Sunscreen UP!

Sunscreen UP!

It’s that time of year again. The flowers are blooming, an onset of senioritis (and now the newly diagnosed junioritis) has hit the student body and the sun is beginning to peek through the dense rain clouds. For those who love a great tan, the opportunity is just around the corner… we hope.

As people begin to “catch rays” it’s important to remember a few things about protection from the sun. When a person acquires a tan what is really happening is the natural melanin in the skin is absorbing UV radiation to produce melanocytes which act to darken the pigments of your outer layers. Although it sounds complicated, the most important thing to remember is that a suntan is actually the reaction of a small injury being inflicted upon your skin that could result in cancerous growths or wrinkles with aging.

“I think that if you’re careful about tanning naturally then it’s okay. It’s gross when people are my age and they have what looks like the beginnings of skin cancer on their shoulders. However I think that tanning is okay in moderation” junior Megan Mortimer-Lamb said. It’s true that tanning has its benefits. A healthy dose of vitamin D, which people can acquire naturally through about 15 minutes of sun exposure a day, is beneficial to health and happiness.

Staying safe in the sun is easy with periodic sunscreen applications. There are many things to consider when picking a sunscreen that is good for your skin type and sensitivity. Whether you need a sunscreen that is sweat or water resistant is another thing to be considered when acquiring your cream or spray.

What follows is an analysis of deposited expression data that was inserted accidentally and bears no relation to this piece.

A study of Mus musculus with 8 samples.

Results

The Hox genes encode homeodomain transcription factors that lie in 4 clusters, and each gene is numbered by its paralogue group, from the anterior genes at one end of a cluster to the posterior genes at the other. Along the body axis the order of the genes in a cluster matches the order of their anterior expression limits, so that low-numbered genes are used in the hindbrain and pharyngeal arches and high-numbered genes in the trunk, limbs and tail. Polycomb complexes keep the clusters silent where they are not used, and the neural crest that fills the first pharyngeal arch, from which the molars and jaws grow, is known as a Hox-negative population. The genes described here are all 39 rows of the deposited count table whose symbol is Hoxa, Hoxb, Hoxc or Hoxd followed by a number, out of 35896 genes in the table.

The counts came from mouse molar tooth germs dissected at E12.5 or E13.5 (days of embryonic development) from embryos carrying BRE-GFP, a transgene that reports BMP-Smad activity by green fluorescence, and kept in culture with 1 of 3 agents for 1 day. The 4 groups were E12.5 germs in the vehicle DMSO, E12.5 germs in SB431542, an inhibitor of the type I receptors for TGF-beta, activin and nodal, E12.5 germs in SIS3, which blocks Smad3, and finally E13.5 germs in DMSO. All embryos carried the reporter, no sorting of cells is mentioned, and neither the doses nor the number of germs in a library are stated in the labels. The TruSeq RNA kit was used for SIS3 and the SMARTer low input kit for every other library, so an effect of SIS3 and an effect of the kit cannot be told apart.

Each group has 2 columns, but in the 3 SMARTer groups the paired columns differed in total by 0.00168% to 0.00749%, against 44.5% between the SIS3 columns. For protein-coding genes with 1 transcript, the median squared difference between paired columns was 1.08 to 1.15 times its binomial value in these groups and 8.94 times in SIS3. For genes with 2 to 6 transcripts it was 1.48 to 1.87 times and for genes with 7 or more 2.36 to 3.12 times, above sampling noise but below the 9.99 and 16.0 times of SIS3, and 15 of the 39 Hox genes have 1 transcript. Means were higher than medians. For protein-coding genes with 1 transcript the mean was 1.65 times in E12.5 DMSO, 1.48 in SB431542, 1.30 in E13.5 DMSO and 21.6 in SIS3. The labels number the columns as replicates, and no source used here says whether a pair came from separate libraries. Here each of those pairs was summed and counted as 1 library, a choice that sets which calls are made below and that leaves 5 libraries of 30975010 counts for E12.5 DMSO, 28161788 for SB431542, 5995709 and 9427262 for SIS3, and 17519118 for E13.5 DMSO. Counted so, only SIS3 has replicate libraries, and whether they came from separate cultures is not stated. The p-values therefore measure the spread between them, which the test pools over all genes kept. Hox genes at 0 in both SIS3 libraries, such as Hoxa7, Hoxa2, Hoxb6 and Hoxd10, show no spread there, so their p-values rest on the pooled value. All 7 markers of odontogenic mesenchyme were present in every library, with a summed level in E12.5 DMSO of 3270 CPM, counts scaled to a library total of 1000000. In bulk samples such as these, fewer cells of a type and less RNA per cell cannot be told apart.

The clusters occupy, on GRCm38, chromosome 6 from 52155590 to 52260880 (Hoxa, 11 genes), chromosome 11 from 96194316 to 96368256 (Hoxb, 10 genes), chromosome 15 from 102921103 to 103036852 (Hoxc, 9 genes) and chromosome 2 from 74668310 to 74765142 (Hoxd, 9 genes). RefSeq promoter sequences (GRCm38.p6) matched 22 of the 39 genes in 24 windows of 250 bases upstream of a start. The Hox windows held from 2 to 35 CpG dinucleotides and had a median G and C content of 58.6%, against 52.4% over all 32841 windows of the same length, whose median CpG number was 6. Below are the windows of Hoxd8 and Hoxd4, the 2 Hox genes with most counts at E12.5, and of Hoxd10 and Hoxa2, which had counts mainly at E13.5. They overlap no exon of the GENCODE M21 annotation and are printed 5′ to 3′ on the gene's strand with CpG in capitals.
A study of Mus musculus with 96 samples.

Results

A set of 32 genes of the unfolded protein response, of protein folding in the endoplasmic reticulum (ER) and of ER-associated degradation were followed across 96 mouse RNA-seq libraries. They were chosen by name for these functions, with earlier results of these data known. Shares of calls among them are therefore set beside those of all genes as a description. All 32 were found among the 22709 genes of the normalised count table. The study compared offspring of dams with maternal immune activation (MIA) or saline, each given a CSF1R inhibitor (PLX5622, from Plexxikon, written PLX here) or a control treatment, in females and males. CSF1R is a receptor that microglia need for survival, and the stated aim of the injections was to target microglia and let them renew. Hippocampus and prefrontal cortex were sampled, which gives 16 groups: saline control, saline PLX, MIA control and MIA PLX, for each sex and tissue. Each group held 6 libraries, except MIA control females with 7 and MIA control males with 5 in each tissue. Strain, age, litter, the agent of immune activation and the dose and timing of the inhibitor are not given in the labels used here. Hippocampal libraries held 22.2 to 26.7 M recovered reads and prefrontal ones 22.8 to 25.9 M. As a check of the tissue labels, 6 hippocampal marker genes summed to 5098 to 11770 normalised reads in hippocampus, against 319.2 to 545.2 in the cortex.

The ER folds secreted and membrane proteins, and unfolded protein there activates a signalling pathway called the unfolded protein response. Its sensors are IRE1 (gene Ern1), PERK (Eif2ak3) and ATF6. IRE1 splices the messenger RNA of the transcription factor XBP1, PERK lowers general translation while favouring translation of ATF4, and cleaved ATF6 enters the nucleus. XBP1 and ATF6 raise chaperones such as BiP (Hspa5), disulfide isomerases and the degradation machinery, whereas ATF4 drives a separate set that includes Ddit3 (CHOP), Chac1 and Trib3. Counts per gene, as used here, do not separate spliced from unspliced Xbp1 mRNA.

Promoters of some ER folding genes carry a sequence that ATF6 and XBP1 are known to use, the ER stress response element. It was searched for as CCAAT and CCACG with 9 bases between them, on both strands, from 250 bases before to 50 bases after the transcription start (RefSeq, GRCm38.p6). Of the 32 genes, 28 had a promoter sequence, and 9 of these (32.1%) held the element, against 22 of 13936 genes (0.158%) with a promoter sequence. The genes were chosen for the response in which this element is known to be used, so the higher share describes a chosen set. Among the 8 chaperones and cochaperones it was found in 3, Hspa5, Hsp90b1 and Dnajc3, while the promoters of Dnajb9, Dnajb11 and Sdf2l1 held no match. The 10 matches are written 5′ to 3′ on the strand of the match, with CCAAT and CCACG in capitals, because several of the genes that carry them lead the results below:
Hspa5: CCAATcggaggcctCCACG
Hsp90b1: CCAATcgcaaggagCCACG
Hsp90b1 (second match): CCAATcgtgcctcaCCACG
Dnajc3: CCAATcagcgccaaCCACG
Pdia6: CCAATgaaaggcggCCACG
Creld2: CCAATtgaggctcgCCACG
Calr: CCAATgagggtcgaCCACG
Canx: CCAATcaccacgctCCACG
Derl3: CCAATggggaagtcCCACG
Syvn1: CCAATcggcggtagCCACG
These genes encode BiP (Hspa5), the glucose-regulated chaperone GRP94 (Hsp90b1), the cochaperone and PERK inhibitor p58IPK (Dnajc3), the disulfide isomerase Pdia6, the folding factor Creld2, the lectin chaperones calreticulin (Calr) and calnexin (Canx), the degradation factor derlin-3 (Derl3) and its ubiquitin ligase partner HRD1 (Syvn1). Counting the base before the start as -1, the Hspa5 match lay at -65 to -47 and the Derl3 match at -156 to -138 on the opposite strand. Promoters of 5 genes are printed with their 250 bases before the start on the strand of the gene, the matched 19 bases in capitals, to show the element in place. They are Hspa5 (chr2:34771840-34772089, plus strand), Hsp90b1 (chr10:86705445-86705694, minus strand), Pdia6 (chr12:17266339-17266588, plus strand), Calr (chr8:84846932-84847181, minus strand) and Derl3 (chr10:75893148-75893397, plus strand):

The Sun Protection Factor (SPF) of your sunscreen is also an important component as it determines the amount you will be shielded from the sun. While a regular white T-shirt provides about SPF 5, you can purchase articles of clothing with enhanced sun protection to supplement sunscreen. SPF 15 or above is recommended by most dermatologists. The amount your skin is burned as a result of sun exposure while you’re wearing sunscreen is determined by the amount of time in minutes it generally takes you to acquire a burn, multiplied by the number of SPF you are wearing. Therefore, if it generally takes you 5 minutes to burn without sunscreen and you are wearing SPF 20, it will take you about 100 minutes to show a sun burn. Because of this, re-applying sunscreen often throughout a hot day in the sun is important.

Sunscreens that contain avobenzone, ecamsule, oxybenzone, and sulisobenzone, are all good because they contain reactants that protect you from the sun. Sunblocks containing titanium dioxide and zinc oxide are great because they provide a physical barrier between your skin and UV rays. Remember that if you have sensitive skin, it’s important to stay away from sunscreens containing benzephenones (like dioxybenzone), para-aminobenzoic acid (PABA) oxybenzone, or sulisobenzone because they’re harsher chemicals for your skin.

No matter your type, remember to check in with your skin periodically. To get your safe dose of sun every day this summer, be sure to check in with yourself periodically and be sure that you’re not burning.